After first coming to terms on a one-year, $3.2 million contract on Wednesday, Clark and the Brewers later made it a two-year, $7 million deal that will carry Clark into free agency following the 2007 season.
"We didn't have intentions of doing a multi-year deal down there," said Brewers general manager Doug Melvin, who had just returned from St. Petersburg, Fla. "But we're glad to get it done."
It got done in a hurry. Melvin and Brewers assistant general manager Gord Ash traveled Tuesday to Florida expecting to attend a 9:30 a.m. ET hearing on Wednesday against Clark and his agent, Bobby Barad. Clark had filed for $3.5 million in arbitration while the Brewers offered $3 million, and neither side seemed ready to budge.
Both sides met throughout the day Tuesday and finally came to terms on a one-year contract at about 1:45 a.m., less than eight hours before the scheduled hearing. It was announced later Wednesday morning.
But the groundwork had already been laid for a second year, and after Melvin and Ash had returned to Milwaukee and Barad to New York, it was finalized with one phone call.
Clark will earn $3.2 million in 2006 and $3.8 million in 2007. There are no incentives involved, Melvin said.
Why add the second year? Clark, who originally entered professional baseball as an undrafted free agent with the Reds in 1996, gets the security that comes with a guaranteed two-year contract. And if he performs anything like he did in 2005, the Brewers will save significantly on his 2007 salary.
Clark led the Brewers in 2005 with a .306 batting average and 94 runs scored. He earned a $1.15 million base salary but bumped his pay to $1.425 million with incentives.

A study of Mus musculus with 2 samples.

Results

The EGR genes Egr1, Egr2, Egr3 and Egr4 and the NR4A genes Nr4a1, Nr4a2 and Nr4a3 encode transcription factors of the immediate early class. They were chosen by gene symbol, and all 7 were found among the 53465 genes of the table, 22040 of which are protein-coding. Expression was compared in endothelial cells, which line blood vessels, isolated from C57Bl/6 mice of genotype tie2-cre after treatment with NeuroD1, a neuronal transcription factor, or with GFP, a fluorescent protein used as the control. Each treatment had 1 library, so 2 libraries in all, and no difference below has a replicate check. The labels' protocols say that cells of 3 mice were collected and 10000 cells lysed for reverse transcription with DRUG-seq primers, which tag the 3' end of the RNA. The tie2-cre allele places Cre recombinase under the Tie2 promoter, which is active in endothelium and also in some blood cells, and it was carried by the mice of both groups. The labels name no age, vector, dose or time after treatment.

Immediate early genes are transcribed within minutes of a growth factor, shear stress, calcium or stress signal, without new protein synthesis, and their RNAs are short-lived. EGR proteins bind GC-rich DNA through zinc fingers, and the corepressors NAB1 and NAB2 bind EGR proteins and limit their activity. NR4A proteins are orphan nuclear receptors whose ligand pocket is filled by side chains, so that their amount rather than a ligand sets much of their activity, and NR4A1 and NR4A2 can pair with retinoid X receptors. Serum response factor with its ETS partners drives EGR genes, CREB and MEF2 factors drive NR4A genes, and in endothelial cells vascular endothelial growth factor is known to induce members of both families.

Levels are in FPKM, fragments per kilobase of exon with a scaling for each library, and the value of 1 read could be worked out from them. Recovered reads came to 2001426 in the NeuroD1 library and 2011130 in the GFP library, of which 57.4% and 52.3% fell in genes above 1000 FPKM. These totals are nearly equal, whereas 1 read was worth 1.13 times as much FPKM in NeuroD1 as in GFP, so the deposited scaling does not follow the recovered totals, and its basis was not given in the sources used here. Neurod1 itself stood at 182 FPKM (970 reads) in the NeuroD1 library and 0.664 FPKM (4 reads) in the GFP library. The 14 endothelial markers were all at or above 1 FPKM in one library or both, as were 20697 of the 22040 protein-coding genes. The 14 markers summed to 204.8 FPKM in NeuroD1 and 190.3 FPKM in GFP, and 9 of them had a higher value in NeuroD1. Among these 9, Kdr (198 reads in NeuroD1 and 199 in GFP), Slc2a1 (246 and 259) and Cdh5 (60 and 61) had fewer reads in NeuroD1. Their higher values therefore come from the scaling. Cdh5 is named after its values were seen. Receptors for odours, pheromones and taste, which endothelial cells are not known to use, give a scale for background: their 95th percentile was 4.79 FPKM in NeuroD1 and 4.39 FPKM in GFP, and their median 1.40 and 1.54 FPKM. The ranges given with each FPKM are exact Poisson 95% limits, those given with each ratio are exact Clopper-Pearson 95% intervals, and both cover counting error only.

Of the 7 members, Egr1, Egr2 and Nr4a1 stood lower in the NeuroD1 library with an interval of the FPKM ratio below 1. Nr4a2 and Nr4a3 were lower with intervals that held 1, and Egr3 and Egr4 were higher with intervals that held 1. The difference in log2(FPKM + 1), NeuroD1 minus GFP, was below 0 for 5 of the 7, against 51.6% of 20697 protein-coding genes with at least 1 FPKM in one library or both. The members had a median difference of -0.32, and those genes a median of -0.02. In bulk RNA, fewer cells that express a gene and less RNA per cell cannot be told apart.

He made the most of his first season as an everyday player and ably replaced the popular Scott Podsednik, who was traded to the White Sox in a deal that brought All-Star left fielder Carlos Lee to Milwaukee. Clark is penciled in again as the Brewers' Opening Day center fielder and likely leadoff hitter.
"He wants to be the center fielder but at the same time this deal gives us an opportunity to experiment with other players, too," Melvin said. "Brady doesn't have to look over his shoulder wondering whether we're doing it because we're going to dump him."
Nelson Cruz, Gabe Gross, Bill Hall, Corey Hart and Dave Krynzel are among the players with a chance to see time in center field this season. Clark has played all three outfield positions for the Brewers.
Including Clark, the Brewers have reached terms with 22 members of the 40-man roster.
Melvin and Ash, who assumed their posts at the end of the 2002 season, have never gone all the way to a hearing with a Brewers player. The team has argued only three cases since the process was introduced in 1972, none since 1998.
The Brewers remain headed toward a hearing with right-hander Tomo Ohka, who is asking for $5.2 million in arbitration while the Brewers offered $4.25 million. Ohka's hearing is scheduled for Feb. 16, the day before Brewers pitchers and catchers are required to report to Maryvale Baseball Park.
Adam McCalvy is a reporter for MLB.com. This story was not subject to the approval of Major League Baseball or its clubs.